Every day or so, I log into my checking account and I am asked-What is your mother’s maiden name? —Some days it will ask for my maternal grandmother’s name or the name of the street I lived as a child or my first pet’s name or the elementary school I attended. Before I can even find out if I am overdrawn or if the power bill is due, I am swept up in the memories of my mother and grandmother, a tiny terrier named Tinker and a blue house on Morrison Street. I remember feelings of security and a rose trellis, a white bird bath and a basement family room painted fire engine red, the smell of cut grass and four-o’clocks climbing the house, the sounds of Johnny Cash and Eddie Arnold on the radio, mostly I remember being loved…..
Recently, my mother made the comment that she was a little out of step with her peers in her parenting style. She didn’t pay much attention to what the mothering guru of her time, Dr. Spock, was teaching. She had her children “naturally” when other mothers put their trust in sterile, modern medicine. She breastfed in the new era of formula feeding. She was a professional, working mom. She was laid back and always up for a fun outing while the other moms had us locked outside, lest we mess up the vacuum lines in their carpets. She loved the outdoors and instilled in her children a love of nature, wide-open vistas, the desert and aspens. My earliest memories are of the mountains, streams, Jeep trails, ghost towns and scenic overlooks. My mother was a church goer-always alone, but we knew Jesus and we knew what it meant to be a Christian. My first memories of singing were “Jesus loves the little children… and This little light of mine….” Most important, when other moms were “shake and baking,” my mom had a rotisserie chicken on the barbeque with homemade bar-be-que sauce, baked beans that took hours to make in the oven, Herb Alpert and the Tijuana Brass playing a “Taste of Honey” on the stereo, and margaritas in the blender—(she doesn’t remember that though;-) Oh the joy of warm Arizona evenings!
The more I think about my mother and her slightly unconventional mothering; I realize how I am like her in so many ways. The helicopter in both our parenting careers never seemed to get off the ground. I was a latch-key kid and as an adult now realize how much I needed the independence that raising yourself brings. I was free to roam the neighborhood, experiment in the kitchen and curl up in a corner and read a book. I could navigate Chicago O’Hare airport at an age that today’s children are still supposed to be in a booster seat. I have wondered if my own children wish they could sometimes come home to an empty house. Oh and books—mom loves books, I love books-Please let my kids love books- (or at least a Kindle). She always was a member of a book club-the arrival of a book each month was exciting-James Michener’s latest work, The Thorn Birds, Pearl Buck. Perhaps, it explains my addiction to Amazon and the joy I get when I open the mailbox and see a cardboard box. School was OUR domain-she sent us there and expected us to make it work-and we did-I don’t remember reading charts or SEOP’s, parent teacher conferences or heaven forbid a teacher ever calling her unless we had thrown up—and back then we had school nurses for such emergencies. We were independent contractors in our home. Unless, of course, we needed to build a haunted house, decorate for Christmas or load the car to go camping-then we worked as a team.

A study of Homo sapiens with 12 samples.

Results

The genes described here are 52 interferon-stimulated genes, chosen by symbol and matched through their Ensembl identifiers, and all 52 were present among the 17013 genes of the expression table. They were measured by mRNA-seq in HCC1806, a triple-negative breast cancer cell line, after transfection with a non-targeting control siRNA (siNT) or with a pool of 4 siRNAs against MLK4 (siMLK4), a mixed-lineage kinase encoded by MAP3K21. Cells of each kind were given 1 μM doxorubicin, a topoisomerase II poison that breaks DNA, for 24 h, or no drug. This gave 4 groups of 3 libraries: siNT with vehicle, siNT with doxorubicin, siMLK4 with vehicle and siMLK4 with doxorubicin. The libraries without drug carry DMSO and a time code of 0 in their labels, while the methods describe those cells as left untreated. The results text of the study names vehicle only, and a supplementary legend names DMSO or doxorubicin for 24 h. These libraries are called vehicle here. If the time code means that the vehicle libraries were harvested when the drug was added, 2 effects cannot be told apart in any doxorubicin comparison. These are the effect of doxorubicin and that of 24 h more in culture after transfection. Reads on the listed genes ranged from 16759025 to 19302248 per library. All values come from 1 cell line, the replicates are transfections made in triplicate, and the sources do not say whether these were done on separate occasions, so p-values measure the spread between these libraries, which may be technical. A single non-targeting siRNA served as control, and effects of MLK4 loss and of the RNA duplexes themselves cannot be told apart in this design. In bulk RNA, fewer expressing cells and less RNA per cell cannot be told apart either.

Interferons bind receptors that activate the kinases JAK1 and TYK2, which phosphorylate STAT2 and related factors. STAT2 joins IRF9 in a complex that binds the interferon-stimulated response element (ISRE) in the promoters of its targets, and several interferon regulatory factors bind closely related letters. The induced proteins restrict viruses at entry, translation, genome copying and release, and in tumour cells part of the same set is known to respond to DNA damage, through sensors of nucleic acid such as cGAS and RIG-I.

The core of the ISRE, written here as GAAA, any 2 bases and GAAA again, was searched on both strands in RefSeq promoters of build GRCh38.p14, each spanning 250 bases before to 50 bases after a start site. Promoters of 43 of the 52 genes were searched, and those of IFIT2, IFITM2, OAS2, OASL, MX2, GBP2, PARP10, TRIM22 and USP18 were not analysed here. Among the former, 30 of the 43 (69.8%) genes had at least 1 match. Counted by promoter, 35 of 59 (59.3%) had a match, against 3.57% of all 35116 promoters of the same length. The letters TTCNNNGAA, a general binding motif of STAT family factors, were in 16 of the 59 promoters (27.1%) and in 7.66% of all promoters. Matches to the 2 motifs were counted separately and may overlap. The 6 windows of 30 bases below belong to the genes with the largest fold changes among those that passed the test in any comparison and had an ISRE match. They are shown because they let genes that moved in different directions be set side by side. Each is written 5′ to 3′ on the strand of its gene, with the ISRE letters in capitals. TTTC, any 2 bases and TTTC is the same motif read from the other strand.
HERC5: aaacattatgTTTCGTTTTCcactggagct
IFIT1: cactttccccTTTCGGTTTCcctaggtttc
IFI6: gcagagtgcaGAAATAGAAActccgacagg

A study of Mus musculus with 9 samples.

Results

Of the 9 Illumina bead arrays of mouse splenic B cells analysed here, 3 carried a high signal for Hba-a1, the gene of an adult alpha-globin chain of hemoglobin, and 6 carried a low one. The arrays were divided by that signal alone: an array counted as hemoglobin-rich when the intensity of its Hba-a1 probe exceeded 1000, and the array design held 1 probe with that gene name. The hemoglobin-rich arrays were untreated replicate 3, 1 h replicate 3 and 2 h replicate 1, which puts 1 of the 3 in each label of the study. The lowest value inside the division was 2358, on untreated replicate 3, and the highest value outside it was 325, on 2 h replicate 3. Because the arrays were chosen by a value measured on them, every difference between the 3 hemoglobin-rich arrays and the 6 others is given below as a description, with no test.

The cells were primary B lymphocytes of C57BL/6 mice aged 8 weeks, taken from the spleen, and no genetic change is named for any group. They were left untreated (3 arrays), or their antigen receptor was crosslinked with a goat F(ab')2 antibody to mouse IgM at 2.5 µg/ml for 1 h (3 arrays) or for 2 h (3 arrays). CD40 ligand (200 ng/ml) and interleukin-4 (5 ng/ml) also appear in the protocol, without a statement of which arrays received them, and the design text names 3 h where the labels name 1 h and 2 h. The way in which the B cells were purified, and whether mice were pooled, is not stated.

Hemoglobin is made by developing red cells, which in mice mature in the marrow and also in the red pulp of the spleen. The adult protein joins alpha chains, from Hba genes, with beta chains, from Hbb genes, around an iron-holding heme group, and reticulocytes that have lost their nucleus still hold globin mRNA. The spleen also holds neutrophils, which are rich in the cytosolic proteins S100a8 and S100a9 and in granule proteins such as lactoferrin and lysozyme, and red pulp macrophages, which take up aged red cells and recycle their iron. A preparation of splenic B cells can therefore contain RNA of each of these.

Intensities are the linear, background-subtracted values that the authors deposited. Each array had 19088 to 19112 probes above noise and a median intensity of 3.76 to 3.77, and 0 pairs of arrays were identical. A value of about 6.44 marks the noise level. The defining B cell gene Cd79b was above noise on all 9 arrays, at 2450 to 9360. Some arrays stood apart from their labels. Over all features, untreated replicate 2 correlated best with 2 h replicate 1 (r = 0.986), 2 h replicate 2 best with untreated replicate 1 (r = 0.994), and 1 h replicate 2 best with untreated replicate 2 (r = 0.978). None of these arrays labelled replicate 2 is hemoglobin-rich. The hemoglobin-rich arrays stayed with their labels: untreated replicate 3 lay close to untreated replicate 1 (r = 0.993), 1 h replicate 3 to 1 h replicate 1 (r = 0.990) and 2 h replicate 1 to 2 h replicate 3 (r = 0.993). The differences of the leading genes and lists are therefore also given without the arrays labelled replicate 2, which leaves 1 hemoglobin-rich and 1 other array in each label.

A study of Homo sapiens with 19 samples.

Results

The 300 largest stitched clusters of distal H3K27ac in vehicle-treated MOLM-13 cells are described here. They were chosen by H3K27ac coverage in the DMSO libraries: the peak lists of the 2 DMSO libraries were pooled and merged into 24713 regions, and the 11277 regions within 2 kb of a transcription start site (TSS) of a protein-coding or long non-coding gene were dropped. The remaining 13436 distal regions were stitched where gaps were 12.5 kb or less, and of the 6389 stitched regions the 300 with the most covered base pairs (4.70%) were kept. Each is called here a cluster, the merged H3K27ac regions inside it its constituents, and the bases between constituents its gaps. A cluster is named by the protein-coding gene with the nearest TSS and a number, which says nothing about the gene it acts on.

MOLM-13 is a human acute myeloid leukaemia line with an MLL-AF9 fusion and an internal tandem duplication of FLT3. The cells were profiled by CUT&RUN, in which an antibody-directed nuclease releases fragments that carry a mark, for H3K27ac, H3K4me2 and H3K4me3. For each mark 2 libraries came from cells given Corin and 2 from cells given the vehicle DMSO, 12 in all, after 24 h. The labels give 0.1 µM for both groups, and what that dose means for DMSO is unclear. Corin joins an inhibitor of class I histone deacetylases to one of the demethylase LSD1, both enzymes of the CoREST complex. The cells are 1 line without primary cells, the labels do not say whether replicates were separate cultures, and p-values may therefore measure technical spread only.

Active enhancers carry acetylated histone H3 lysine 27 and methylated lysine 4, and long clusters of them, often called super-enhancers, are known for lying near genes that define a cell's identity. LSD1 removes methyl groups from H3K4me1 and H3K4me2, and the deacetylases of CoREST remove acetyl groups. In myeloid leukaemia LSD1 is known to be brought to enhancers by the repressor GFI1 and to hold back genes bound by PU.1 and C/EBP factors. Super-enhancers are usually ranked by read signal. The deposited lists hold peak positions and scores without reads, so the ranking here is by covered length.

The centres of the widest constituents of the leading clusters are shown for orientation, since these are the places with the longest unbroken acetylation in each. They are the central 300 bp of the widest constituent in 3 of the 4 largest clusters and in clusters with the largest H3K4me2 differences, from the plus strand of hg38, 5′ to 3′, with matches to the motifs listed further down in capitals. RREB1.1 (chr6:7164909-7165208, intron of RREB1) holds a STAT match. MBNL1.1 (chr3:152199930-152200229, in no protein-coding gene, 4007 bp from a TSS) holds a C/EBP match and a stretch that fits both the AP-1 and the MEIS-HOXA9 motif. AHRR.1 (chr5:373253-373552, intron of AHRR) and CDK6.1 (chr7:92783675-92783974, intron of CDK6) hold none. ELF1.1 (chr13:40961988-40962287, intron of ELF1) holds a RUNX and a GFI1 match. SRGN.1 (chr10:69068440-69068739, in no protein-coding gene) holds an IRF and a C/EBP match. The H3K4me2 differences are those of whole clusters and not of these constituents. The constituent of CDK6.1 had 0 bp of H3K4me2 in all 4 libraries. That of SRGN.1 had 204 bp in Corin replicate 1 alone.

As I reminisce about my mother, I start to think of her mother and the slightly hazy memories I have of her and it occurred to me that like my nearsightedness and fiery temper in the face of injustice, I have inherited many of the qualities that the women ahead of me also share. My mom once told me that my “Grandma Bernie” was the black sheep of her family (check). Seeing a picture of her and her first husband standing in front of an airplane in 1929 with a note on the back that said, “our plane,” I felt a kinship of spirit; she obviously had her head in the clouds. (check) I wished I had known her better and heard stories of when she was young. I do know she was a “Rosie the Riveter” during World War II, when they moved from New Mexico to L.A. I know that she kept a jar of money to make sure my Mom had what she needed even when money was tight. (check). I know that she worked hard her entire life and I have a faint memory of going to the variety store where she was a cashier to buy my first Barbie doll.
Our mothering styles are an amalgamation of so many influences, the generation we are born into, the combining of parenting styles of our spouses, magazines, television, and church. But, the golden thread that binds us together is the love we have experienced in our own homes and our desire to pass that on to our children. Happy Mother’s Day to my mom and sisters and to my girls who are now mothering my grandchildren. We are so lucky to be born into a land of milk and honey—breast milk and Honeyfields that is!